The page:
Haber Conjugation: Past Imperfect & Preterite Tenses

Instructor: Lindie Alvey Kusky

Lindie is an educator and translator who speaks five languages. She has a Master's in Spanish Linguistics and Second Language Acquisition and a CELTA Cambridge credential.

In this lesson, you will learn how to use the verb ''haber'' in the preterite and imperfect past tenses. ''Haber'' is usually translated into English as 'to have' or 'to be.'

What in the World?

Look around right now. What things surround you? Now close your eyes and imagine a fantasy world with unicorns and narwhals. Whether you're describing something real or imaginary, you need the ability to say what there is and what there isn't. Enter the Spanish verb haber (ah-BAYR).

Haber as a Simple Verb

Haber is what's called an existential verb. 'Existential' is not just a gloomy philosophy term linked with Camus and Sartre. In grammar, an existential verb simply expresses the existence or nonexistence of something. In English, we convey this by saying 'there is/there are' in the present tense, and 'there was/there were' in the past tense.

No matter what simple tense we use for it, you and haber are going to be besties. Why? Because not only is it an extremely common verb in Spanish, but it is also the easiest verb to conjugate. Believe it or not, it's even easier than its English counterpart! Impossible, you say? Read on!


When we want to mention what existed in the past, and we are discussing something that is over and done, with a definite beginning and ending, we use hubo (OO-bo). It has no plural tense. Hubo is the only possible preterite conjugation. Easy, right?

  • Hubo una tormenta fuerte anoche (There was a strong storm last night).
  • Hubo unas tormentas fuertes anoche (There were some strong storms last night).

Another notable use of hubo is in the expression ¿Qué hubo?, which means 'what's up.' In Colombia, the most widely read newspaper in the country is a tabloid named 'Q'Hubo.'



When we want to express something in the past that doesn't have a definite beginning or end, we use the imperfect tense. We also use imperfect to set the scene. Since the verb haber connotes a state of existence and is commonly used to set the scene of a past event, the imperfect form is frequently used. This form is había (ah-BEE-yah), and it has no plural tense.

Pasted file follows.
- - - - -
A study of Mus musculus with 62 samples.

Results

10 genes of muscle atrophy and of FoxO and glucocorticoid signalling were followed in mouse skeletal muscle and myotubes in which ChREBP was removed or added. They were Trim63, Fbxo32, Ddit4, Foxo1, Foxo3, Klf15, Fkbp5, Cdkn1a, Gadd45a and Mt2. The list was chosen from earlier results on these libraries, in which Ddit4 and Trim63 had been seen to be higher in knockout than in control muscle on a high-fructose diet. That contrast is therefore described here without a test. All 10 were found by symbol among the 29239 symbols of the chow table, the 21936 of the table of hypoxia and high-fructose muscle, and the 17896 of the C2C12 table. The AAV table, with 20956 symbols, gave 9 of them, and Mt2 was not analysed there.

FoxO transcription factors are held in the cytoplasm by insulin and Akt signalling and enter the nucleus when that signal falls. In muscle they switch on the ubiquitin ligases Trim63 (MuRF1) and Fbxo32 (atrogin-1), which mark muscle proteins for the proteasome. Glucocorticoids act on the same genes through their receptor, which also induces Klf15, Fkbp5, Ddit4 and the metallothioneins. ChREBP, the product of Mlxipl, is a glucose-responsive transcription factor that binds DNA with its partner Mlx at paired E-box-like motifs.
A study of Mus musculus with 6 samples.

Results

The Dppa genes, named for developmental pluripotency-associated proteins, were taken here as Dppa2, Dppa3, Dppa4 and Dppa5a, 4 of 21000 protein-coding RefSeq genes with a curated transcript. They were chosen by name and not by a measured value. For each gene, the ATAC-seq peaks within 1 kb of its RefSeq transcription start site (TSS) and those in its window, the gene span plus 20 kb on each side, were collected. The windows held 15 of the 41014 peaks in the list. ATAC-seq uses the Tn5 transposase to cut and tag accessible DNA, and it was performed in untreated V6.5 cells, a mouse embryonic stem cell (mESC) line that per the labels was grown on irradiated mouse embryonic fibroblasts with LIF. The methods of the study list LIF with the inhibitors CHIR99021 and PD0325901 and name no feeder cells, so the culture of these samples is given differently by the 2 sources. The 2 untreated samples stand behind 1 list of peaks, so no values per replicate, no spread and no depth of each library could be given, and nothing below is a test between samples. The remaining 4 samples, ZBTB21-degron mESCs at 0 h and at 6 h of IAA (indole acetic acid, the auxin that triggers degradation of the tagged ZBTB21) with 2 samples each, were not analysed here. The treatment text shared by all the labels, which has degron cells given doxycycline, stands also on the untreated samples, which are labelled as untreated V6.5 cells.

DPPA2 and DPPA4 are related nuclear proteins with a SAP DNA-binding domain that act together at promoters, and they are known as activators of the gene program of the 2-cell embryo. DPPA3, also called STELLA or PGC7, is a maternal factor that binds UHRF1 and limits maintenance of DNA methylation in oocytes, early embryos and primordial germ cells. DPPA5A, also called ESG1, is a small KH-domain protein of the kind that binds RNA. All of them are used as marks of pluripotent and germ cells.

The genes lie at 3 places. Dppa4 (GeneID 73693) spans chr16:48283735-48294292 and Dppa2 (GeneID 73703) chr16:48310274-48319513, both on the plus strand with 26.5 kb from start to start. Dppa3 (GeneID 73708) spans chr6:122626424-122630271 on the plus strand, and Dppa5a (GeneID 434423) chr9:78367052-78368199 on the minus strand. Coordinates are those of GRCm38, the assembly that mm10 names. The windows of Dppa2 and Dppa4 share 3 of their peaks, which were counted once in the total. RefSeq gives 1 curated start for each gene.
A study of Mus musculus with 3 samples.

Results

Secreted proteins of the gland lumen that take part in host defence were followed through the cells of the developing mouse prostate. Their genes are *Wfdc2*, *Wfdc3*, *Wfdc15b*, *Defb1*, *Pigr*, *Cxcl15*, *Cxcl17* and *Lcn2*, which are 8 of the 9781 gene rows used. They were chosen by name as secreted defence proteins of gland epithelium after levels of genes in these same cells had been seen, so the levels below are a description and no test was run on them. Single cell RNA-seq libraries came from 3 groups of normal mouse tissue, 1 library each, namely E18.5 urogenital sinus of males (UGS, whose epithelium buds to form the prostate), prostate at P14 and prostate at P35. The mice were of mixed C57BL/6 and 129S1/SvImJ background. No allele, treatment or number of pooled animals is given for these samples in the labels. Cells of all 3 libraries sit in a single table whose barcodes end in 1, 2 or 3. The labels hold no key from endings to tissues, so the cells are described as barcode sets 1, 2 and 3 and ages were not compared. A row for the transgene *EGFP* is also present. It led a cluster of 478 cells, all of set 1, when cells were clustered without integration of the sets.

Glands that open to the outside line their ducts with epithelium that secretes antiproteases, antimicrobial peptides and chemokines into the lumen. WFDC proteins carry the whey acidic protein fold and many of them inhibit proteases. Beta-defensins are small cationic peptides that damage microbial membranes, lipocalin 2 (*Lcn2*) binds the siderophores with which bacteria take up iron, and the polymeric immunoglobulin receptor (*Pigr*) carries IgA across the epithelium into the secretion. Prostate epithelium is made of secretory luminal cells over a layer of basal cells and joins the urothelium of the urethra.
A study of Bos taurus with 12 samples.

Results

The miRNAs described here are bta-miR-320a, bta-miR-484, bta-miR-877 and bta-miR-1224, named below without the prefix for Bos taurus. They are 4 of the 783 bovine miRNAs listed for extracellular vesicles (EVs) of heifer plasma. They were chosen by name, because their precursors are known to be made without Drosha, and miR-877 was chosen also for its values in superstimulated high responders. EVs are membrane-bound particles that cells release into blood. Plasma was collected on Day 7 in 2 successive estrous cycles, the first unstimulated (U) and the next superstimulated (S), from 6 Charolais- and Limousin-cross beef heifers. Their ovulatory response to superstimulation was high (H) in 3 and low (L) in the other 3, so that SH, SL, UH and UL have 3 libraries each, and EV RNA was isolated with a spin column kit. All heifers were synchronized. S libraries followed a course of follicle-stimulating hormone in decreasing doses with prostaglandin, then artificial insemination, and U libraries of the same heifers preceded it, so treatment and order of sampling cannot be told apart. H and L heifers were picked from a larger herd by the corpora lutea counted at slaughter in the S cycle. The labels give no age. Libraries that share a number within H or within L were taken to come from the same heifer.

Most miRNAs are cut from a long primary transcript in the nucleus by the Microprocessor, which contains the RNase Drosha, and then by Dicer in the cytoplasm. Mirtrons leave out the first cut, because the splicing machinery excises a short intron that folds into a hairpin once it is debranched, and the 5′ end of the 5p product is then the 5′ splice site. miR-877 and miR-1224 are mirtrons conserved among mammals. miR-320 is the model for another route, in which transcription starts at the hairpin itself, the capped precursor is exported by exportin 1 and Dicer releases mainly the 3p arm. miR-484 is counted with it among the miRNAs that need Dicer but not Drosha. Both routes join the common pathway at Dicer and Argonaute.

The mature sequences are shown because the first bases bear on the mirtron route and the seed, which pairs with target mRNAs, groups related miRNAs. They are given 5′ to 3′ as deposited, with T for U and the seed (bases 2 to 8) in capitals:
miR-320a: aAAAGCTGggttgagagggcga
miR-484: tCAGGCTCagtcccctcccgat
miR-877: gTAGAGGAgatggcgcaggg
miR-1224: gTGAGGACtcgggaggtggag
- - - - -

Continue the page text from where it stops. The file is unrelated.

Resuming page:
• Había un payaso en el coche (There was one clown in the car).
  • Había diecisiete payasos en el coche (There were seventeen clowns in the car).

Notably, había is frequently used to begin fairy tales:

  • Había una vez… (Once upon a time...)

Once Upon a Time
Once upon a time

You may occasionally hear native speakers use the form habían. If and when you do, just smile and think to yourself, 'that's not proper Spanish.' This concludes our discussion of haber in the preterite and imperfect. However, we are not done. Haber is also used to form compound tenses.

Haber as a Compound Verb

In compound tenses haber functions not as an existential verb but as an auxiliary verb. The imperfect form of haber plus a past participle (pp) is used to make the past perfect. The past perfect describes an action that was completed before another event in the past.

  • Cuando llegué a la fiesta, ya te habías ido (When I arrived at the party, you'd already left).
  • Sólo habíamos estado allí diez minutos cuando llegó la policía (We'd only been there 10 minutes when the police arrived).

Haber is a regular verb in the imperfect:

VERB: haber (ah-BAYR) + past participle - to have + past participle

Pronoun Conjugation Pronunciation Translation
Yo había + pp ah-BEE-ah I had + pp
Tu habías + pp ah-BEE-ahs You had + pp
Él, ella, Usted había + pp ah-BEE-ah He, she, you had + pp
Nosotros habíamos + pp ah-BEE-ah-mohs We had + pp
Vosotros habíais + pp ah-BEE-iys You (plural) had + pp
Ellos, ellas, Ustedes habían + pp ah-BEE-ahn They had + pp


To better understand these verb forms, let's listen in to Liliana and Andrés having their first argument as a married couple:

Andrés: ¿ Qué hubo? (What's up?)

Liliana: Pues nada. (Nothing.)

Andrés: ¿Por qué te ves enojada? (Why do you look angry?)